So I’ve just spent (read: wasted) a whole buncha time watching episode after episode of The Fine Brothers’ Youtubers React. There was just something about seeing people watch weird things and reacting to them that just draws you in and makes you want to watch more and more.
I also liked it because I got to watch some of my Youtube heroes (Phillip DeFranco, Shane Dawson, Nigahiga, Hank Green, SourceFed) talk about not only viral videos, but also insert some social commentary and share their views on how the internet has changed us and the society that we live in, about why people are attracted to certain kinds of content and why people are the way they are. We don’t get to see that side of the Youtubers much, so it’s refreshing to see them not play a character and just be chill and talk like they usually would out in real life on issues that they have valid opinions on.
It also made me think about how together they are as a Youtube community and how everyone seems to know everyone or have at least met each other at some point or other. It may be because they live around the same are (Los Angeles), but it’s also because there’s an unmistakable sense of community in that ambiguous internet space that is called Youtube.
It made me think back to a thing that I proposed a while back through one of my videos, which was AYAM (Angkatan Youtubers Anak Malaysia). Back when I made that video, I had a vision of maybe being part of that community as well, us all being Malaysians and making videos and uploading them on Youtube every now and again. Collaboration between content creators would be common and it would be exciting and we would love to work on each others’ projects.
I have been fortunate enough to have been able to work on videos with some fellow Malaysian video makers that I hold in high regard, such as Aiman Azlan, MatLuthfi, KyoPropaganda, and Mentol Pecah to name a few. Those were good times, really. The experience of making something with people you admire, really good feeling, that. And I had fun doing it, too.
I still remember Aiman Azlan calling me up and saying “hey, let’s make a video!” and coming to my house to tell me the idea he had, and we worked on our scripts (him making the English version and me making the Malay version) after we had a clear idea of how the video would go. It was really good, bouncing ideas off each other, suggesting this, improving on that, and finally just shooting it and having a hoot doing it. We were just two dudes, talking to a camera, running and jumping around, striking poses every now and again. Just a couple of typical 21 year olds having loads of fun. I think it came off well in the end products too. You can watch the video that we made together here: https://www.youtube.com/watch?v=7KS3iqtDsKk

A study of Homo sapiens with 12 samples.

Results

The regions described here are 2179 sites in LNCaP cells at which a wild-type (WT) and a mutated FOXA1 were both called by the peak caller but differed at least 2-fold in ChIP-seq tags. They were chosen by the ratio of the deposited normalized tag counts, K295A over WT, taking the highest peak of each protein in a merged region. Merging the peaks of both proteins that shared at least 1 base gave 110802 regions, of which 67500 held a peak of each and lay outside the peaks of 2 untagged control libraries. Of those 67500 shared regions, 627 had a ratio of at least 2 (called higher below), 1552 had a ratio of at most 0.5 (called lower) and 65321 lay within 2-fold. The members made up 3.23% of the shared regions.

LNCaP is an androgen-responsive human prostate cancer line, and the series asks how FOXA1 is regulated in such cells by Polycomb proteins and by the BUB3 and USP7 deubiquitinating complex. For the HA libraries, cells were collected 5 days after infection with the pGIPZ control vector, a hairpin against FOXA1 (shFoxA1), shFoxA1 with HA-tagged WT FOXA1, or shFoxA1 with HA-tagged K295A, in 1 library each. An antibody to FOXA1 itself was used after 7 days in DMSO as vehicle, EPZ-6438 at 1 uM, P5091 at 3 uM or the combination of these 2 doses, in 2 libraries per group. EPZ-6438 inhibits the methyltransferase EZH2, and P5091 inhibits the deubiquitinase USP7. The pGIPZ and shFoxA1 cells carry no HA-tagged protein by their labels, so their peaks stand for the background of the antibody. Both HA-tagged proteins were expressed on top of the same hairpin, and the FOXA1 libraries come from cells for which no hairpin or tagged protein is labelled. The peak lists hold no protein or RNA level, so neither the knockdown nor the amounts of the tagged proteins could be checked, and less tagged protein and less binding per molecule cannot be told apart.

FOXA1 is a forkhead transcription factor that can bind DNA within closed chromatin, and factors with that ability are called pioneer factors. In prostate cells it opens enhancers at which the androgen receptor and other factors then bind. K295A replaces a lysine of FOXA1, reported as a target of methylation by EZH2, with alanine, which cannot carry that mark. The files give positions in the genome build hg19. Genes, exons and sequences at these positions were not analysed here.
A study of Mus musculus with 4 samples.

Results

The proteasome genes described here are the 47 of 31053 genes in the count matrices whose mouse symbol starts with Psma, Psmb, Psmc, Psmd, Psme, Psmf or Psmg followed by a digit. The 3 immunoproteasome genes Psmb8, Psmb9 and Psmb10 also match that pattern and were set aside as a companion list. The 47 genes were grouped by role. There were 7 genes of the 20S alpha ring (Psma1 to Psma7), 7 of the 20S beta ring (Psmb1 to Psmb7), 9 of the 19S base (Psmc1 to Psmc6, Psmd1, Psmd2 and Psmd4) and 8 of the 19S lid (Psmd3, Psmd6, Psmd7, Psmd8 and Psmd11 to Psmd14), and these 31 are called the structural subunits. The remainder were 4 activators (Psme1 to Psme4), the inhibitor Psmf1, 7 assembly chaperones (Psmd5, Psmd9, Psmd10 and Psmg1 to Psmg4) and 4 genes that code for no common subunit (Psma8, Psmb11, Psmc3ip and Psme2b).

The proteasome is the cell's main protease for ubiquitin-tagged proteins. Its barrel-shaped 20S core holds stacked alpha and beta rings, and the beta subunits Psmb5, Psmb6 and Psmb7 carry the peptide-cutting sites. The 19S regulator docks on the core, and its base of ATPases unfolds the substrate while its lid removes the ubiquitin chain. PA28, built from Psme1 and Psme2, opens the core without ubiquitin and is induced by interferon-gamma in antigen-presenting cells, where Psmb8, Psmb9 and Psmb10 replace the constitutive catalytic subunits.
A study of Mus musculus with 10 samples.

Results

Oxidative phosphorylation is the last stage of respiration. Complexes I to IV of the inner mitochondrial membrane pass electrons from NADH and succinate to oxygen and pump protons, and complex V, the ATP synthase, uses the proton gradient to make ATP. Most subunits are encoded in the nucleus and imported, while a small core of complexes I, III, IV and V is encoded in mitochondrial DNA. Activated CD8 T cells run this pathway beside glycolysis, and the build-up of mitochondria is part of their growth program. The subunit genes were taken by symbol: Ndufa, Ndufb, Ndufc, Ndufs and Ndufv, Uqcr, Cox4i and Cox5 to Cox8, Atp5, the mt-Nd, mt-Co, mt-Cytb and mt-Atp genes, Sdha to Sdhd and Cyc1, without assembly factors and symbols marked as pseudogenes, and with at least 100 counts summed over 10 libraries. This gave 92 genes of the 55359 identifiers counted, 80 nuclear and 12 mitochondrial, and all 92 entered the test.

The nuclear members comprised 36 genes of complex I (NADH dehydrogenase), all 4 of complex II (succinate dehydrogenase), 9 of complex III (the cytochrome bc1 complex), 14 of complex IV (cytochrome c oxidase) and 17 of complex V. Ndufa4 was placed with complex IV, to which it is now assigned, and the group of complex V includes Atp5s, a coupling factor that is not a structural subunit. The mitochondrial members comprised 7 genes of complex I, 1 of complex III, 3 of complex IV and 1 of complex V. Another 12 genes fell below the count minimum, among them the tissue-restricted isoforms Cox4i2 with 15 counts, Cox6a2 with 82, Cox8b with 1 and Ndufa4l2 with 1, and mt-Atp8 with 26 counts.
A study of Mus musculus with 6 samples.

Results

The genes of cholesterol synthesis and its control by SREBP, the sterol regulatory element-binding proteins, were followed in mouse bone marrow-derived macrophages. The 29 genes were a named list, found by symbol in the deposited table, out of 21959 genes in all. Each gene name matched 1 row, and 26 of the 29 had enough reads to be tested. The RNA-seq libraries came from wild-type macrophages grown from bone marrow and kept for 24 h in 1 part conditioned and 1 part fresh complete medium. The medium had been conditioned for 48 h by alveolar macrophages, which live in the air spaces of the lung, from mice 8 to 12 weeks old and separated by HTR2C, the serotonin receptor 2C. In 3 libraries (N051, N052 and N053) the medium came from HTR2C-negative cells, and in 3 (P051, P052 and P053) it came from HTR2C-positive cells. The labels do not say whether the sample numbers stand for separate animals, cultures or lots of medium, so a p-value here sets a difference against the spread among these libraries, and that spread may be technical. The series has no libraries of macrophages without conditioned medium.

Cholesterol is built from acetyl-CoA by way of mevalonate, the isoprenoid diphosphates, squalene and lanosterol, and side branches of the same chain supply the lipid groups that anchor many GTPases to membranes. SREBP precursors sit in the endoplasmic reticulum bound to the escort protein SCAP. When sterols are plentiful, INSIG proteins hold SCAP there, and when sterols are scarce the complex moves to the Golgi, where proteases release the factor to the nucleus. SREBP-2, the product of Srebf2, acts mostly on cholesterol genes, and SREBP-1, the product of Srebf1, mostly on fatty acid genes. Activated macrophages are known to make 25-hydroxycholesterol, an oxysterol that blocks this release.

Mentol Pecah tried to do something along the lines of the AYAM idea I had and made a video which collected footage from a host of Malaysian video makers and turned it into a nicely put video. You can watch that one here: https://www.youtube.com/watch?v=79F9NgN0UO0
Having said that, a lot of Malaysians that made Youtube videos that I watch regularly the past few years have slowed down significantly (namely MatLuthfi, KyoPropaganda, Aiman Azlan) because, much like myself, they’ve got other things going on in their lives, and making Youtube videos just isn’t one of the main ones.
I was kind of sort of hoping that there’d be new, good content (even better) content creators out there to make Youtube videos in their spare time, but I haven’t been able to see any evidence of that. That may be because I’m becoming and old geezer who has a full-time job and is no longer cool. There might be a host of quality content out there that I just don’t know of, since I’m out of the loop and have become irrelevant (well, become irrelevant tu dah lama dah sebenarnya).
Jumping back on the AYAM thing earlier, yeah, I still believe it would be a great thing to have. If not officially (y’know, with merchandise and secret handshakes and everything), then unofficially. Just a circle of friends that are also video-makers, who make videos regularly, push each other to make quality content and collaborate with each other to learn from each other and become not only better video-makers, but also better human beings, hopefully. But maybe that’s just the idealist in me talking. Maybe real is this: us going about our own ways, doing what we want to, whenever we want to, without bothering to see what our peers are doing. It brings about progress of some kind jugak, kan? It’s something.
I am reminded of the saying: if you want to go fast, go alone; if you want to go far, go together.
I guess I am a person who wants to go far.